Each Friday, we highlight decisions of the First District Court of Appeals in the past week. For question about these cases, contact Vanessa Seeger.
Quote from Judge Mock's Opinion:
Appellant father appeals the decision of the Hamilton County Juvenile Court awarding permanent custody of his two children, D.H. and K.H., to appellee Hamilton County Department of Job and Family Services (“HCJFS”). We find no merit in father’s two assignments of error, and we affirm the trial court’s judgment.
The record shows that D.H. was born on March 17, 2016. On April 6, 2016, HCJFS filed a complaint and a motion for interim custody regarding D.H. The complaint alleged that the parents had issues with homelessness, substance abuse, and domestic violence. Father appeared at the hearing on April 6, 2016, and the court appointed an attorney to represent him.
Sandra East v. Charles East
Case # C180586
Quote from Judgment Entry:
Plaintiff-appellant/cross-appellee Sandra East (“Wife”) and defendantappellee/cross-appellant Charles East (“Husband”) appeal from a decree of divorce. In Wife’s first assignment of error, she argues that the trial court erred in classifying and dividing Wife’s Charles Schwab and Morgan Stanley investment accounts. Wife argues that the trial court should have found Wife’s personal-injury settlement, gifts from her father, and the growth from her premarital property were her separate property. As to Wife’s personal-injury settlement, Wife admitted that the settlement had included claims for wage loss and medical expenses, and that her complaint had claimed $49,000 in wage loss, $109,000 in medical expenses, and $2,000 for out-of-pocket costs. Therefore, the trial court’s determination that it could not ascertain which portion of the $119,465 settlement was for Wife’s personal injuries was not against the manifest weight of the evidence. See R.C. 3105.171(A)(6)(a)(vi); Bennett v. Bennett, 2d Dist. Clark No. 2012 CA 36, 2012-Ohio5788, ¶ 20.
State of Ohio v. Damion McRae
Quote from Judge Bergeron's Opinion:
In the aftermath of a domestic violence altercation, the defendantappellant Damion McRae shot at the two responding police officers who arrived to investigate the incident. Mr. McRae managed to get one shot off before being disabled, and this shot struck one of the officers, seriously injuring him. In the wake of convictions for attempted murder and other charges, Mr. McRae presents various challenges to his convictions and sentences on appeal. For the reasons we discuss below, we ultimately affirm the trial court’s judgment.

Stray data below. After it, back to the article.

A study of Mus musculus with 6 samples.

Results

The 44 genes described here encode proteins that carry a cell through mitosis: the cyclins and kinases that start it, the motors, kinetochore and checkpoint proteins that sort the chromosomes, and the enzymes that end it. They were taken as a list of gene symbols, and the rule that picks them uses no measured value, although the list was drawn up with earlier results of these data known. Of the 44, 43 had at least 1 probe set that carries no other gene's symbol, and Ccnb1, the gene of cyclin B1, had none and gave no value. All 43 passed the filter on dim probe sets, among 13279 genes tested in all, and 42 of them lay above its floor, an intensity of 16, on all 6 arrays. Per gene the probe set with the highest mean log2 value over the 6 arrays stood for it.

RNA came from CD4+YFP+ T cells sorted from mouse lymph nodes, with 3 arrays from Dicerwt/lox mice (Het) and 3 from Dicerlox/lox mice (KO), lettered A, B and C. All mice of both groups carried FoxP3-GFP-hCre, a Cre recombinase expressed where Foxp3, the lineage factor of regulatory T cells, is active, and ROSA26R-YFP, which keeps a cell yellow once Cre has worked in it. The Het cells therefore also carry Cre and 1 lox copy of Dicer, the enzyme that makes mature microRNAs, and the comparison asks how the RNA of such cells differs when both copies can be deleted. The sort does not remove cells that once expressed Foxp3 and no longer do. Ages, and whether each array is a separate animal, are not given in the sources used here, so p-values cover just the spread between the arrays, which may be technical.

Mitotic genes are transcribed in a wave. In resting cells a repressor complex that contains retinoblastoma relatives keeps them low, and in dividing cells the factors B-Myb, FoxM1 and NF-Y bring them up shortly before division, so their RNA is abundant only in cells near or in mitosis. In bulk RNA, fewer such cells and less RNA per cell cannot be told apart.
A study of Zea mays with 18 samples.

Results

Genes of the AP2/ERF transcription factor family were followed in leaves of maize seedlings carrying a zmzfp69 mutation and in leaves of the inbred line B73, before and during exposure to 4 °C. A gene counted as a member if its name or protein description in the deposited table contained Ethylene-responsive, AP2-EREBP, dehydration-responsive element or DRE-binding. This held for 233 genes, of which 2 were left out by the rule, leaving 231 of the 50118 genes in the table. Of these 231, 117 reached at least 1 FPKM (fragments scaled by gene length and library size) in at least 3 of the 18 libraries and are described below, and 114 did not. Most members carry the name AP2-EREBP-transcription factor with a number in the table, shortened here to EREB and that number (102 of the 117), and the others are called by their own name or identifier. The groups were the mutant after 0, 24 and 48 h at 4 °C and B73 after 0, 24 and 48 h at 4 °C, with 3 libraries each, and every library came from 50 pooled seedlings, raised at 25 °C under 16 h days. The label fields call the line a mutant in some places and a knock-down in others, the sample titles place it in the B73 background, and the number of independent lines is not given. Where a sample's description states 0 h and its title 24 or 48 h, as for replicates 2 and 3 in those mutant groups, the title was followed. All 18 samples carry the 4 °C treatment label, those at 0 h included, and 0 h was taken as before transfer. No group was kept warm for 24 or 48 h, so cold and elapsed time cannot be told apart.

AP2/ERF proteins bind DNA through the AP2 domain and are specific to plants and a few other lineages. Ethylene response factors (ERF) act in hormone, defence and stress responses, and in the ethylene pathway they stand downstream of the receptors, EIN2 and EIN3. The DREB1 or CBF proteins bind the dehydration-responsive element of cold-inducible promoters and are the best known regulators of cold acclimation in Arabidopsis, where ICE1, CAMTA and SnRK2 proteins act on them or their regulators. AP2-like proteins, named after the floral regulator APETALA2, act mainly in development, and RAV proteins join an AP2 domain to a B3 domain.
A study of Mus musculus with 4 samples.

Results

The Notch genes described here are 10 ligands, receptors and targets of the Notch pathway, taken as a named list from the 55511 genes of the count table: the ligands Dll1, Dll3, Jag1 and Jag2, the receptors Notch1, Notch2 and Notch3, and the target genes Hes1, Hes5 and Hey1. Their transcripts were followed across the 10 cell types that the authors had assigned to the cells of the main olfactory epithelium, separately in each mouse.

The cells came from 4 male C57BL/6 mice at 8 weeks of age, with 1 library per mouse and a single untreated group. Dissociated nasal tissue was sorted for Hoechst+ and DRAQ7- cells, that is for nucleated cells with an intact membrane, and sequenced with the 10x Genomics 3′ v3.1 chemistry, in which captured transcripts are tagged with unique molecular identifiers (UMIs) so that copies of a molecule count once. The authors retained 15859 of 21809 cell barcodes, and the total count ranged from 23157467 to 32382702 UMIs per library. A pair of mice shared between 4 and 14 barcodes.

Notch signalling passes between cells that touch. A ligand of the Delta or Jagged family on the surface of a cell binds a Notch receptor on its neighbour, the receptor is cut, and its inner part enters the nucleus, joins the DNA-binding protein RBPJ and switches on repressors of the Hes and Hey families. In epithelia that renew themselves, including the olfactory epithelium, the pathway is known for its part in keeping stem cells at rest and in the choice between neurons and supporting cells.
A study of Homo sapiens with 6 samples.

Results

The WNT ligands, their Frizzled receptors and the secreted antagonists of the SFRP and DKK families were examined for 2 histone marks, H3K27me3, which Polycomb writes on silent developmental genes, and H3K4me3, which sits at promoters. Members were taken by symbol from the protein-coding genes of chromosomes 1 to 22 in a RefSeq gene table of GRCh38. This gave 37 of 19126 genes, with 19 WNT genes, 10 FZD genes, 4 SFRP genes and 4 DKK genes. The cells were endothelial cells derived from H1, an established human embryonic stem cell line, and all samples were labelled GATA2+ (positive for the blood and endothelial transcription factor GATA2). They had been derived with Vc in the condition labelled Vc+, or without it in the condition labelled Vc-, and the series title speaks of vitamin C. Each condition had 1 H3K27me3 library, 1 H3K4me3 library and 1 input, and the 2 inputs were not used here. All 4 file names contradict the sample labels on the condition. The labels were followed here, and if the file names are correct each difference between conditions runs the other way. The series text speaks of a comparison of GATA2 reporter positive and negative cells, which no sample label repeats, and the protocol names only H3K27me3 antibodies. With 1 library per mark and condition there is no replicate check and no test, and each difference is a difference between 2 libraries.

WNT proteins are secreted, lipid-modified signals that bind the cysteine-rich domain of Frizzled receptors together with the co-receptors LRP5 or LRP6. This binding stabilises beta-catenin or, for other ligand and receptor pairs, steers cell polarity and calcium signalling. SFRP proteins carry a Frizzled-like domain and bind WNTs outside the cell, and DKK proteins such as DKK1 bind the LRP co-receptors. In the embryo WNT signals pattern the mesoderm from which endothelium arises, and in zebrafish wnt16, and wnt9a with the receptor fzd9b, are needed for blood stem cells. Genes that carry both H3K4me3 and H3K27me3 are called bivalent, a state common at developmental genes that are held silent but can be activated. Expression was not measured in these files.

Shortly after the clock struck midnight on March 12, 2017, Cincinnati police officers Kenneth Grubbs and William Keuper responded to a call concerning an incident at a nearby apartment complex. One of the complex’s residents, Ebony Berry, reported a domestic violence altercation perpetrated by her boyfriend, Mr. McRae. Upon arriving at the complex, the officers parked their vehicle and then split up, with Officer Grubbs proceeding directly through the complex’s central courtyard, while Officer Keuper ventured around the complex before entering the courtyard from the side.
State of Ohio v. Amanda Bush
Quote from Judge Bergeron's Opinion:
Sometimes, even the best-behaved children prove incapable of following simple directions from their parents. A mother instructed her four-year-old daughter to play in their front yard with her elder brother. Wandering outside and seeing the brother nowhere, the girl left the premises to explore across the street. Police officers intercepted her moments later and returned her home, with the entire incident lasting about five minutes. Although the mother was convicted for child endangerment, on the record before us, we find that the state failed to present sufficient evidence of the mother’s recklessness. We accordingly reverse her conviction.